Cortical mapping of the infraspinatus muscle in healthy individuals
1 Department of Rehabilitation, Faculty of Medicine, Laval University, Quebec City, QC, G1R 1P5, Canada
2 Centre for Interdisciplinary Research in Rehabilitation and Social Integration (CIRRIS), 525, Wilfrid-Hamel Boulevard, suite H-1710, Quebec, QC, G1M 2S8, Canada
BMC Neuroscience 2013, 14:52 doi:10.1186/1471-2202-14-52Published: 24 April 2013
While cortical representations of intrinsic hand muscles have been extensively studied in healthy individuals, little is known about the representation of proximal upper limb muscles. Improving our understanding of normal shoulder function is important, given that shoulder musculoskeletal disorders affect approximately 20% of the population and are suspected to involve changes in central motor representations. The purpose of the study is to describe the motor representation (motor evoked potentials (MEP) amplitude at the hotspot, map area, normalized map volume and center of gravity) of the infraspinatus muscle in healthy individuals, and to explore the potential influence of hand dominance on this representation (i.e. symmetry of the excitability and of the location of motor map between sides), as well as the effect of age and gender on motor excitability.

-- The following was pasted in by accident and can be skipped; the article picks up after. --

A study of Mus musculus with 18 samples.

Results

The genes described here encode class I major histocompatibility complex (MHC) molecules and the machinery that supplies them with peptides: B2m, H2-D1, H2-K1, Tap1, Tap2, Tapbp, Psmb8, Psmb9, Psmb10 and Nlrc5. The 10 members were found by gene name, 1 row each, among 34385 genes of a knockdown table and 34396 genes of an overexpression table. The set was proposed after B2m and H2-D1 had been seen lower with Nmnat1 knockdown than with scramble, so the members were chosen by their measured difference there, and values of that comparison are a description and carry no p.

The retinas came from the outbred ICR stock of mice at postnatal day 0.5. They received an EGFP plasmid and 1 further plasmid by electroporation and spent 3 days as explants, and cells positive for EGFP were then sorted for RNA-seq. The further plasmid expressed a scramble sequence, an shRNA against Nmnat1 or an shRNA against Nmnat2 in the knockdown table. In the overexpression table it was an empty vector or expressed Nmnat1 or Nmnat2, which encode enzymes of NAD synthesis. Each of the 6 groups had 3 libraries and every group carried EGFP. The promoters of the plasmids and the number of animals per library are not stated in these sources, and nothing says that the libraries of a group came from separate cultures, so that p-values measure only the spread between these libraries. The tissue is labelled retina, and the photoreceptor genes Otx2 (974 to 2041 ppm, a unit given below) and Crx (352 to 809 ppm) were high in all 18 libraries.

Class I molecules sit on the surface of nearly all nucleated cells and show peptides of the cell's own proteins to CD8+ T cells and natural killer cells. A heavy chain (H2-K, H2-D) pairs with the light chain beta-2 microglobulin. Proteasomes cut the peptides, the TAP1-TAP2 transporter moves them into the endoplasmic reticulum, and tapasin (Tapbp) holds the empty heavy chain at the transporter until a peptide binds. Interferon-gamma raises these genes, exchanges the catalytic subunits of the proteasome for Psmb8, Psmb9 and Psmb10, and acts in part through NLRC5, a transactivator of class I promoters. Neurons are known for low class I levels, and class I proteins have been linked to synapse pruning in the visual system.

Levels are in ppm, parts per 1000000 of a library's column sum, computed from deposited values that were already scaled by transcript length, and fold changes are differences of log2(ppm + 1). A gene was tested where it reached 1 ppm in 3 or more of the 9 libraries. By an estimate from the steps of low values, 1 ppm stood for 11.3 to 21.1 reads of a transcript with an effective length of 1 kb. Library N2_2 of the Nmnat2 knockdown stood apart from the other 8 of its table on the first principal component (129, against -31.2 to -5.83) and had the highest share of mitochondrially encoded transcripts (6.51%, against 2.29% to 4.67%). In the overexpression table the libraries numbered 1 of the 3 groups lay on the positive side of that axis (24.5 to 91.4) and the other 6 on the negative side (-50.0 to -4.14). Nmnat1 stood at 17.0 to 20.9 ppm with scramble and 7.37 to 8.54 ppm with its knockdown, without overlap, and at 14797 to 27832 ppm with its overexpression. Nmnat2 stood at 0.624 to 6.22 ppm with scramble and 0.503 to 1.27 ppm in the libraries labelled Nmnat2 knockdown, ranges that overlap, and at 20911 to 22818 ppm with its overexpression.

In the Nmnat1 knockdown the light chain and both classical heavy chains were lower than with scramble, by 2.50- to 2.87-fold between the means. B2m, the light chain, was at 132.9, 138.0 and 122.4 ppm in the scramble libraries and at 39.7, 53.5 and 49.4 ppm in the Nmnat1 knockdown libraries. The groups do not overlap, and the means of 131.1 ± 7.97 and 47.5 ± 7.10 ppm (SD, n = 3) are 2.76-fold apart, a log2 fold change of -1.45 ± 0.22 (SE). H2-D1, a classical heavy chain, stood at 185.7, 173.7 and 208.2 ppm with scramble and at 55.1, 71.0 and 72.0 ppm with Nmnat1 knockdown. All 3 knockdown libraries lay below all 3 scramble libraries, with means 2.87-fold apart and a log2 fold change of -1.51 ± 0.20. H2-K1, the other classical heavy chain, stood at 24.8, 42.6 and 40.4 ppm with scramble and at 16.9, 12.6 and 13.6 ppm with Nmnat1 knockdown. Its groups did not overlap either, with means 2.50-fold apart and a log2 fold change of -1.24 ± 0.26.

Fifteen healthy participants took part in this study. No significant asymmetry between sides was observed for motor excitability (p = 0.14), map area (p = 0.73) and normalized map volume (p = 0.34). Moreover, no side x intensity interaction was found (p = 0.54), indicating similar stimulus response properties. No difference between sides was found in the location of infraspinatus motor representation, either in the mediolateral or anteroposterior axis (p > 0.10). Neither age nor gender influenced aMT (p > 0.58) or MEP size (p > 0.61).
As the cortical representation of infraspinatus muscles was found to be symmetric between sides, both in terms of excitability and location, comparisons between the intact and affected side could be performed in clinical studies, regardless of whether the dominant or non-dominant side is affected. The next step will be to characterize corticospinal excitability and map parameters in populations with shoulder disorders.